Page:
Yellowstone Pot Lady Set to Change Not Guilty Plea
A woman will change her not guilty plea this week on a charge of hauling 290 pounds of marijuana in her recreational vehicle while in Yellowstone National Park in May, according to federal court records.
Daphne Watkins, 52, is scheduled to appear before Judge Kelly Rankin in U.S. District Court in Cheyenne on Thursday.
Court records do not indicate that her traveling partner, Janette Day, 61, has planned to change her plea.
About 10 p.m. on May 28, U.S. Park Rangers Christopher Mengak and Caitlin Schauer saw a large white Monarch SE Monaco RV at the Grant Village Marina Area with its engine off, but its lights on and its generator running, according to court records.
They suspected the RV’s occupants were planning to unlawfully stay in the parking lot overnight. They parked behind the RV, and activated their car’s emergency light, according to recently filed court records.
Mengak knocked on the RV’s door, Watkins opened it, and Mengak first asked if they had any firearms because he’d noticed an NRA sticker on the RV’s back. Watkins told him they were there because they wanted to stay at the Grant Village campground but learned it would not open until June 21.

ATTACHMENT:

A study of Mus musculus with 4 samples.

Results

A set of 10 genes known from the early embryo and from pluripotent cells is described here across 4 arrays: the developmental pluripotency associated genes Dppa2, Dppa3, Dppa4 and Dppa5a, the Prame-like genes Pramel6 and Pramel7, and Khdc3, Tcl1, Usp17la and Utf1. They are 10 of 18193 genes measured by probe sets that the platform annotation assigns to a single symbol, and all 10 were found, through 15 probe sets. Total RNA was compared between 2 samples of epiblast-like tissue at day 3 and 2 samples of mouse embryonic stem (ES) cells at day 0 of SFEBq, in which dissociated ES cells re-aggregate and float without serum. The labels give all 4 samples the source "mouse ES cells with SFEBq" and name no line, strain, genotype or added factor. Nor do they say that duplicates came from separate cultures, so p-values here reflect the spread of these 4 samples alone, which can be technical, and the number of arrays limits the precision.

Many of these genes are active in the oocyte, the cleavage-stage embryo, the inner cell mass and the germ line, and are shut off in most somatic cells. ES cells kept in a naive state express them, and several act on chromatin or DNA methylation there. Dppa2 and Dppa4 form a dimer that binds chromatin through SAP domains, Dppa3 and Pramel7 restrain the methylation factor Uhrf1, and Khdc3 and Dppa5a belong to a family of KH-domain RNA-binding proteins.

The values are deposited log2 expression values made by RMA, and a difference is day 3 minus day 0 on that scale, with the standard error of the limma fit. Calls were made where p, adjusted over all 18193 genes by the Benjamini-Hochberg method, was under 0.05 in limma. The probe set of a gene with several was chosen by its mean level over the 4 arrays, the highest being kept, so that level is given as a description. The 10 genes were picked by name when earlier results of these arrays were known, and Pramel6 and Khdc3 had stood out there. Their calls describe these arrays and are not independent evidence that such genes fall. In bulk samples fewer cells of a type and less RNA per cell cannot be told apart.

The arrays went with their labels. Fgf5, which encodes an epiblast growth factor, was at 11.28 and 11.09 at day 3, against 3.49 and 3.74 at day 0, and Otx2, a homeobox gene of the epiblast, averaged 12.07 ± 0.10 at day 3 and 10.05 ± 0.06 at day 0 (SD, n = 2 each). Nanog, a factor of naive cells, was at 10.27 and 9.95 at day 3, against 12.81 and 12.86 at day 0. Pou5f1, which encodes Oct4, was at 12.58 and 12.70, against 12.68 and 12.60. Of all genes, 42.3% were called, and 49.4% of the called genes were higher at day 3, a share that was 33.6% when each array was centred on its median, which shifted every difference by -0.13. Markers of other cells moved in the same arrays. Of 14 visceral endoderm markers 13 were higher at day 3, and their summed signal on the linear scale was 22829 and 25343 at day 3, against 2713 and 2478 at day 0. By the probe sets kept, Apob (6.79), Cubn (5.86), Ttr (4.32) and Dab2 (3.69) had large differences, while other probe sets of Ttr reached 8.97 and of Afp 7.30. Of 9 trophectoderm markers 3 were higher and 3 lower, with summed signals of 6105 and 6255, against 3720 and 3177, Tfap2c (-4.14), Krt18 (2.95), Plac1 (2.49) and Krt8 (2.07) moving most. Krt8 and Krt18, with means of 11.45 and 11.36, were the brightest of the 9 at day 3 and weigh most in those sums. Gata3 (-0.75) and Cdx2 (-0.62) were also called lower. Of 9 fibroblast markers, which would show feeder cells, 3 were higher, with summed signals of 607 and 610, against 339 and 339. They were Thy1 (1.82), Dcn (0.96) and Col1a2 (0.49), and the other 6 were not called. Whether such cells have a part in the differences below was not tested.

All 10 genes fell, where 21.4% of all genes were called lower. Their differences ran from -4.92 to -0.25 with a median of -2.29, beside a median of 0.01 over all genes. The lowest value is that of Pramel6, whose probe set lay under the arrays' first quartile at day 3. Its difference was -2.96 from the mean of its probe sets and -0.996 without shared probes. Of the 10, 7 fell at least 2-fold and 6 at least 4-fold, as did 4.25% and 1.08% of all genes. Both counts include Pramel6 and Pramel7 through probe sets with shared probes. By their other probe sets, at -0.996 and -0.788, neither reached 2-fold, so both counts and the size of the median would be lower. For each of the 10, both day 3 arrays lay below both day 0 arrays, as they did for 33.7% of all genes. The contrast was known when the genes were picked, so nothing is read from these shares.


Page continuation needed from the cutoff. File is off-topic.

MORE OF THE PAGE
Meanwhile, Mengak and Schauer had independently smelled burnt marijuana. Watkins admitted she had smoked some before dinner. She gave him a orange make-up pouch with two pipes and a small baggie of suspected pot.
Schauer said he had probable cause to search the RV, and Watkins then gave him a brown make-up bag with a jar with suspected pot.
Earlier court filings state Watkins told the rangers she was trafficking and had 289 pounds, but Day said the amount was closer to 200 pounds.
During a search of the RV, Schauer found large vacuum-sealed prepackaged bags weighing about 290.5 pounds.
Watkins told National Park Service agents she had been trafficking marijuana and cash between California and the east coast about four times a year for four years. She and Day have owned restaurants in Tucker County, W.Va., which is home to Kingsford Charcoal’s largest charcoal manufacturing plant.
They were charged with one count of conspiracy to possess marijuana with intent to distribute, and possession with intent to distribute. If convicted, they face between five and 40 years behind bars.
They pleaded not guilty on July 31, and were ordered detained by U.S. Magistrate Judge Michael Shickich.
A few days later, Watkins’ attorney Craig Silva of Casper filed a motion to suppress the seized drugs, saying the rangers did not have probable cause to search the RV. There were no “no camping” signs in the area, and there could have been any one of a number of reasons to park there.
Prosecutors responded the rangers followed procedures to check out an improperly parked vehicle, park literature and signs clearly mark designated camping areas, and smelling of marijuana smoke justified further investigation.
Prosecutors and defendants were schedule to present their cases on Aug. 21 before U.S. District Judge Scott Skavdahl, but that was canceled after Watkins announced she would change her plea.